On Deep Ice

Satelite image of the McMurdo Dry Valleys in Antarctica. Photo Credit: Robert Simmon

Since 1993, Berry Lyons has been involved with a group of researchers who study the McMurdo Dry Valleys. “McMurdo is the largest ice-free area of the continent,” he said. “This allows us to look at the impact of climate change on the ecosystem.” Photo Credit: Robert Simmon

Few of us will ever travel to a place on Earth that many have said is the closest thing to Mars—Antarctica. Fewer still make repeat trips.

Who better to tell us what it’s like than William “Berry” Lyons, professor and director of the School of Earth Sciences, who has made multiple trips that began in 1981. His most recent coincided with Ohio’s polar vortex. “It was a strange feeling to know that I was warmer in Antarctica than my colleagues in Columbus; I couldn’t have timed it better,” he said.

Lyons confesses he has lost count of the exact number of trips “down south,” but estimates “15 or so.”

He does remember the exact moment he got interested in working in Antarctica.

“I was a postdoctoral fellow at the University of New Hampshire where my department had just hired a young glaciologist, an Ohio State PhD named Paul Mayewski. He ran a summer course and took undergrads to Alberta to work in the ice/snow fields there. All the students had to do a project; one of the students, interested in geochemistry, came to me and we set up a project for her that turned out very well.

“The next year Mayewski received a National Science Foundation (NSF) grant to continue his work in Antarctica and asked me if I was interested in joining his team. I jumped at the opportunity; and, of course, as the cliché goes, the rest is history. I tell my own students not to plan their research futures too far ahead as serendipity can change one’s career direction.”

Since 1993, Lyons has been involved with a group of researchers who study the McMurdo Dry Valleys. He recently stepped down as the lead investigator of the McMurdo Dry Valleys Long Term Ecological Research (LTER) program, one of two Antarctic LTER sites funded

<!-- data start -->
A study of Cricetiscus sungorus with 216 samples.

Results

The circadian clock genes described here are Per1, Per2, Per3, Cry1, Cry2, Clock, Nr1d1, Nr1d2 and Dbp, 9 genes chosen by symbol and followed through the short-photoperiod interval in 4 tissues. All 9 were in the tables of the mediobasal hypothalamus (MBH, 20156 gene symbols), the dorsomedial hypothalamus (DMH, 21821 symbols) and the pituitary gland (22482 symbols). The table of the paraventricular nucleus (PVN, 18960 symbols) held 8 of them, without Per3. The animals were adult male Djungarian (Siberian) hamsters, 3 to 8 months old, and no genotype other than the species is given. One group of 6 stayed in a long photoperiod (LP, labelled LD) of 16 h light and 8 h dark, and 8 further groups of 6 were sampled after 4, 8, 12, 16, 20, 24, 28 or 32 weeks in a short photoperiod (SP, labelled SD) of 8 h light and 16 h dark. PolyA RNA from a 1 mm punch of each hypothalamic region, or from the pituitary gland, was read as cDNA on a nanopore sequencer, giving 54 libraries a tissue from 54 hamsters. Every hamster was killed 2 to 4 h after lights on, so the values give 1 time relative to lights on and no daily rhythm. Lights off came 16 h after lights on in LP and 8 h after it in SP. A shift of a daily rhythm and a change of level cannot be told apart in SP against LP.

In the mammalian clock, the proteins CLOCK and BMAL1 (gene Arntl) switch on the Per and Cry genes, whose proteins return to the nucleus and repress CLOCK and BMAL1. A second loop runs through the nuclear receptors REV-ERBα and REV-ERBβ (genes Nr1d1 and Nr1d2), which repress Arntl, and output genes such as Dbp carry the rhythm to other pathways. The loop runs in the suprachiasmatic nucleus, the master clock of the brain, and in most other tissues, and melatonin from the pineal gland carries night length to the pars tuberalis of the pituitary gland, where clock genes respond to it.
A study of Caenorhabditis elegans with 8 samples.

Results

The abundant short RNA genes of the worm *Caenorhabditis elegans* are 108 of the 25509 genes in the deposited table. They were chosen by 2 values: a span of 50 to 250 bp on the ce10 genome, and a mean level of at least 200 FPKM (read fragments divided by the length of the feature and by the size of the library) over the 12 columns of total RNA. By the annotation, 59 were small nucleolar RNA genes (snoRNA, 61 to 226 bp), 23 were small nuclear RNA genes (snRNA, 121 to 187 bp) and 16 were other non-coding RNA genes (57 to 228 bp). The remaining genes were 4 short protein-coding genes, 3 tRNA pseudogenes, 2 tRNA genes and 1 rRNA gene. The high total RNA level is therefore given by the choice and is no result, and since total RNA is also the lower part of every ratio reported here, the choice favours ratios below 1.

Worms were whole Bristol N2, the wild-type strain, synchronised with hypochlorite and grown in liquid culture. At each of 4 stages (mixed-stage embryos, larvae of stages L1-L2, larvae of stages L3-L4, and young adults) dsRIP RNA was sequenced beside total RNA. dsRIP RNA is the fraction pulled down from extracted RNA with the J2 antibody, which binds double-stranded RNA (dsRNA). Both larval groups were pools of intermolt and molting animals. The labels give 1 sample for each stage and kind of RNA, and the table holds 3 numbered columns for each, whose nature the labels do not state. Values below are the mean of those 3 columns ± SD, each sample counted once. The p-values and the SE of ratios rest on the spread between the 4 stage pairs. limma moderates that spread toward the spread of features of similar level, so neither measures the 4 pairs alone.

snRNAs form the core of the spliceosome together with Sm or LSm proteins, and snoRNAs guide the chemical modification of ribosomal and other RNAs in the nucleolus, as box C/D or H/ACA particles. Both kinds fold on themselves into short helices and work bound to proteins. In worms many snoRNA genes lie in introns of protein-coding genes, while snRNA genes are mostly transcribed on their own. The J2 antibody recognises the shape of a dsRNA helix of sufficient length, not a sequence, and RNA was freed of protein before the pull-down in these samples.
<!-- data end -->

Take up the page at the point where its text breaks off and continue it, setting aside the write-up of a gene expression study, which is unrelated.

by the NSF.

“McMurdo is the largest ice-free area of the continent,” he said. “This allows us to look at the impact of climate change on the ecosystem.

“The ecosystem we study is mainly microorganisms—there are no vascular plants or vertebrates, due to the very extreme environment—we’re looking at soils and streams, which flow only 4-8 weeks a year.”

Lyons studies the biogeochemistry of Antarctic terrestrial/aquatic ecosystems and how they respond to climate change. “We are seeing lake levels rise, more melt from the surrounding glaciers, and more aquatic ecosystems replacing soil-based ecosystems.

"All global climate models predict a warming in the Antarctic and a decrease in sea ice along its margins. This will have a great impact on both the glacial dynamics of the continent and its fragile marine and terrestrial ecosystems."

For now, Antarctica remains one of the last, great places to do research on a variety of critical questions.

“The place is as pristine as exists on the planet,” Lyons said. “Except for the ice-free areas, which only make up two percent of the continent, everywhere else you look you see white/blue; white/gray—an ice sheet-landscape. It is an astonishingly beautiful place.

“The area with its ice-covered lakes is like a vast polar desert; it is extraordinarily dry. It is like being in Arizona, except it is very, very cold!

“Nothing exists for scale or context, so it’s difficult to be able to assess true distances. And it does affect your senses.

“The first thing I notice when I get back to New Zealand is the smell of grass—it is intense and it strikes me the most.”

Since Lyons first started working there in the early ’80s, he has seen substantial changes at the McMurdo site itself—in logistics, personnel and facilities.

“The site is now run by civilian contractors, instead of the military. There are as many as 1,000 people in ‘summer,’ and a much higher percentage of women—in all aspects of Antarctic research and logistics.

“Perhaps the most significant changes are the upgrades in lab facilities, communications, living quarters—all the modern conveniences. The modern age has moved to Antarctica. Unless you looked out the window—or happened to be outside, you could be anywhere else on the planet."

Lyons is a U.S. representative on the Geosciences Scientific Group of the Scientific Committee for Antarctic Research (SCAR), and a former Director of Ohio State’s Byrd Polar Research Center. “Ohio State has a special place in Antarctic science,” Lyons said. “A map at Byrd Polar shows all the places and names of faulty and students who have studied there.”